Giving Babies Solid Foods Sooner Could Help Improve Their Sleep

Maricruz Casares
Julio 12, 2018

The study, which was analysed by researchers from the USA and the United Kingdom, has proposed feeding your baby solids as early as three months old will help them sleep for longer.

More than 1300 healthy breastfed three-month-olds were split randomly into two groups in one the babies were exclusively breastfed until they were six months old - as current guidelines recommend - while children in the other group were breastfed and given solid foods, including peanuts, eggs and wheat, from the age of three months, in addition to breastfeeding.

"While the official guidance is that starting solid foods won't make babies more likely to sleep through the night, this study suggests that this advice needs to be re-examined in light of the evidence we have gathered".

Child food experts at University College London advised parents to choose bitter vegetables such as broccoli, spinach or cauliflower as their baby's first solid food. They also woke around two fewer times at night per week at six months and had just over 9% fewer incidents of waking up during the night over the course of the study.

Researchers from the United Kingdom and USA looked at data collected as part of a clinical trial exploring whether early introduction of certain foods could reduce the chance of an infant developing an allergy to them.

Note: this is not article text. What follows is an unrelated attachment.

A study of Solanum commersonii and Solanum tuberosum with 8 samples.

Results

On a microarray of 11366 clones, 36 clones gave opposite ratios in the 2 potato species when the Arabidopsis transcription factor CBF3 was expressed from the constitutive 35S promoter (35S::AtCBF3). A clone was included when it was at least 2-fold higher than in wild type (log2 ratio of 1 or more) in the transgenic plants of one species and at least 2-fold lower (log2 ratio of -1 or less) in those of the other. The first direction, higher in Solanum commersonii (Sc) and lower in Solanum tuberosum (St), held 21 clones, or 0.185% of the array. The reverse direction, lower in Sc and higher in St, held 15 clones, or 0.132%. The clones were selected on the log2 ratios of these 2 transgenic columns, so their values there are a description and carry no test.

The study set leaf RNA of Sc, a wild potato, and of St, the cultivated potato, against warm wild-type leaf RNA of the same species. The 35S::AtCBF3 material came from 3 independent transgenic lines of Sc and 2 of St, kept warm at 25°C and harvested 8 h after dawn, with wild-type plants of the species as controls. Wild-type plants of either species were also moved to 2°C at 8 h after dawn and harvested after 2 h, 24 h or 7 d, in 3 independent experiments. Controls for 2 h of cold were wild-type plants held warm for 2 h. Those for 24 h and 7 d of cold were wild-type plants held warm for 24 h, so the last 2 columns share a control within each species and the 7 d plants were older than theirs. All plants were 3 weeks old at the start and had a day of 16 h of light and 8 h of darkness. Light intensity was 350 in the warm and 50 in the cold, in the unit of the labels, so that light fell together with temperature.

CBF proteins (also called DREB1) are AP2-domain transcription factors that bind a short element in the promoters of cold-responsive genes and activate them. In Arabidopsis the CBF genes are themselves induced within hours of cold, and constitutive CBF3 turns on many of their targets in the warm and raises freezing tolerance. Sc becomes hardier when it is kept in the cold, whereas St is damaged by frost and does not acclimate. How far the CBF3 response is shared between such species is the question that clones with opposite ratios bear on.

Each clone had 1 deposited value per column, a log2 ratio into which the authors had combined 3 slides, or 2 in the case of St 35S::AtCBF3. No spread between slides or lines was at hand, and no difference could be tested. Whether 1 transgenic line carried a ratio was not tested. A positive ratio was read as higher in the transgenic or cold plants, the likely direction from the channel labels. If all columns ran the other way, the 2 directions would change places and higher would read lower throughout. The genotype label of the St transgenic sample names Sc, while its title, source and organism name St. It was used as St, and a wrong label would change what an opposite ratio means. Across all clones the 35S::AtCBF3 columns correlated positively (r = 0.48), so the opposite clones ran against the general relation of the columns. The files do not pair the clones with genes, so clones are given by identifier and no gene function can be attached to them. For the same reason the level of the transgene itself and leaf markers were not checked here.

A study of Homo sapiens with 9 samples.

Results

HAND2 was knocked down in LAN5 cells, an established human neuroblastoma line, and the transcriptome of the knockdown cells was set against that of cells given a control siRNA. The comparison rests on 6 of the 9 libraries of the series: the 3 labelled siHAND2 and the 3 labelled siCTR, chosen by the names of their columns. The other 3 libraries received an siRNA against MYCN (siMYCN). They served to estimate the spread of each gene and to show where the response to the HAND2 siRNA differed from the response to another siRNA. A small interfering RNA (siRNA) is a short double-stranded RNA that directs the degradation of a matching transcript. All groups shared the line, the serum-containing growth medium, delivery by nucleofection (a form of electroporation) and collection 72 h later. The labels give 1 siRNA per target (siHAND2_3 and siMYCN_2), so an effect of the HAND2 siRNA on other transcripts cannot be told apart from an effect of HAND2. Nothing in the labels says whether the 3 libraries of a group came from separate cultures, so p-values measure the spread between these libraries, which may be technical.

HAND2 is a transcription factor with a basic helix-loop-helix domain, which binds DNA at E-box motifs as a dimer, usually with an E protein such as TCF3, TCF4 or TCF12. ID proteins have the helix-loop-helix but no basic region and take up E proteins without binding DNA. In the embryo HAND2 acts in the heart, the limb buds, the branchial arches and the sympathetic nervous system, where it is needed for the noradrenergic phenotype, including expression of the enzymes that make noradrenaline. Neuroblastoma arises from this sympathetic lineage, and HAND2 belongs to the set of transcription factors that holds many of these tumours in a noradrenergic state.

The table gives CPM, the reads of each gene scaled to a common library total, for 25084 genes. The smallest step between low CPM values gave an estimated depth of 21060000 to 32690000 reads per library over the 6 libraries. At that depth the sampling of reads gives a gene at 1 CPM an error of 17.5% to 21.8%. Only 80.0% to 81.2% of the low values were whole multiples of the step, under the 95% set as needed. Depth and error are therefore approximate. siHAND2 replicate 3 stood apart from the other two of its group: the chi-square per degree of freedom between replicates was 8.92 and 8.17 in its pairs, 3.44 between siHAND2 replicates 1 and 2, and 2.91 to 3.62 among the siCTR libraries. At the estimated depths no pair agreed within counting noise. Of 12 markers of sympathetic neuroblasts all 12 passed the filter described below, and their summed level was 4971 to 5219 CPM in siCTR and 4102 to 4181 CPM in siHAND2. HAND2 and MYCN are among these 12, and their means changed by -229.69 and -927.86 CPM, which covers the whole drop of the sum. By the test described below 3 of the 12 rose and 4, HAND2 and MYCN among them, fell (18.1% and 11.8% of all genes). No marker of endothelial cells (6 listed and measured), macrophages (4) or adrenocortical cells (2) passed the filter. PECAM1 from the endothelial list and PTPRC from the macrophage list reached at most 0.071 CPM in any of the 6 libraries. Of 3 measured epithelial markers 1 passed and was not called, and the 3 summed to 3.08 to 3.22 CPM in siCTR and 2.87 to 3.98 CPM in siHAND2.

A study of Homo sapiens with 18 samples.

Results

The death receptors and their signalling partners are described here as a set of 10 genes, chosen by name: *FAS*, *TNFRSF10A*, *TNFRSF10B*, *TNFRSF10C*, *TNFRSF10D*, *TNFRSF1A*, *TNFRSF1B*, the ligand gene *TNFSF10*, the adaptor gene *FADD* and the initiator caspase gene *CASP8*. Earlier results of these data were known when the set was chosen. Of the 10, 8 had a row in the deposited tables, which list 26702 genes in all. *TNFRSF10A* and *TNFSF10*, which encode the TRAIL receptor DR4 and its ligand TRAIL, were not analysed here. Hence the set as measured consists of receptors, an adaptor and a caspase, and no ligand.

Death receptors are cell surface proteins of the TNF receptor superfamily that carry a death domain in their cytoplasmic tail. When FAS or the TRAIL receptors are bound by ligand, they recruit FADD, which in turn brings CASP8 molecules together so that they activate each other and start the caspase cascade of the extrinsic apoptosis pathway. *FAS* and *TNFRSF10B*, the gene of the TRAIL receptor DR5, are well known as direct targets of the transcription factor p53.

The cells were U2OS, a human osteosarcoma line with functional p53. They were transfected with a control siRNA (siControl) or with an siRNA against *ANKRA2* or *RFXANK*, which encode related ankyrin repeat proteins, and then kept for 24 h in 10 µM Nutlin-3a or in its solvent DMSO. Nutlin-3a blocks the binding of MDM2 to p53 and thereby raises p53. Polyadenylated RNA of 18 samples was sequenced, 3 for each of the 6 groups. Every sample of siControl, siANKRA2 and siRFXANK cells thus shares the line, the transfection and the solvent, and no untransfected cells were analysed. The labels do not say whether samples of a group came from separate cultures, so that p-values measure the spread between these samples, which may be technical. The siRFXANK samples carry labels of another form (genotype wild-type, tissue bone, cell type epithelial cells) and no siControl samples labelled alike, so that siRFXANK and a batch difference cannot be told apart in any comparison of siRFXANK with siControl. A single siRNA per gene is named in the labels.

The authors explained the "commonly held belief" that introducing solid foods earlier helps babies sleep better.

They also found that families in the standard introduction group were more likely than those in the early introduction group to report a small problem (OR 1.2, 95% CI 1.05-1.41) or a very serious problem (OR 1.8, 95% CI 1.22-2.61) with their child's sleep.


Parents then filled in online questionnaires every month until their baby was 12 months old, and then every 3 months until they were three years old.

Co author of the study Dr Michael Perkin, from St George's, University of London, said: "Given that infant sleep directly affects parental quality of life, even a small improvement can have important benefits". If there is any doubt about what's best for your baby, please seek advice from your doctor or health professional'.

At the six month mark, both groups of children were eating solid foods.

Professor Mary Fewtrell, nutrition lead the the Royal College of Paediatrics and Child Health (RCPCH) underlined that infant feeding was being reviewed.

"We expect to see updated recommendations on infant feeding in the not too distant future".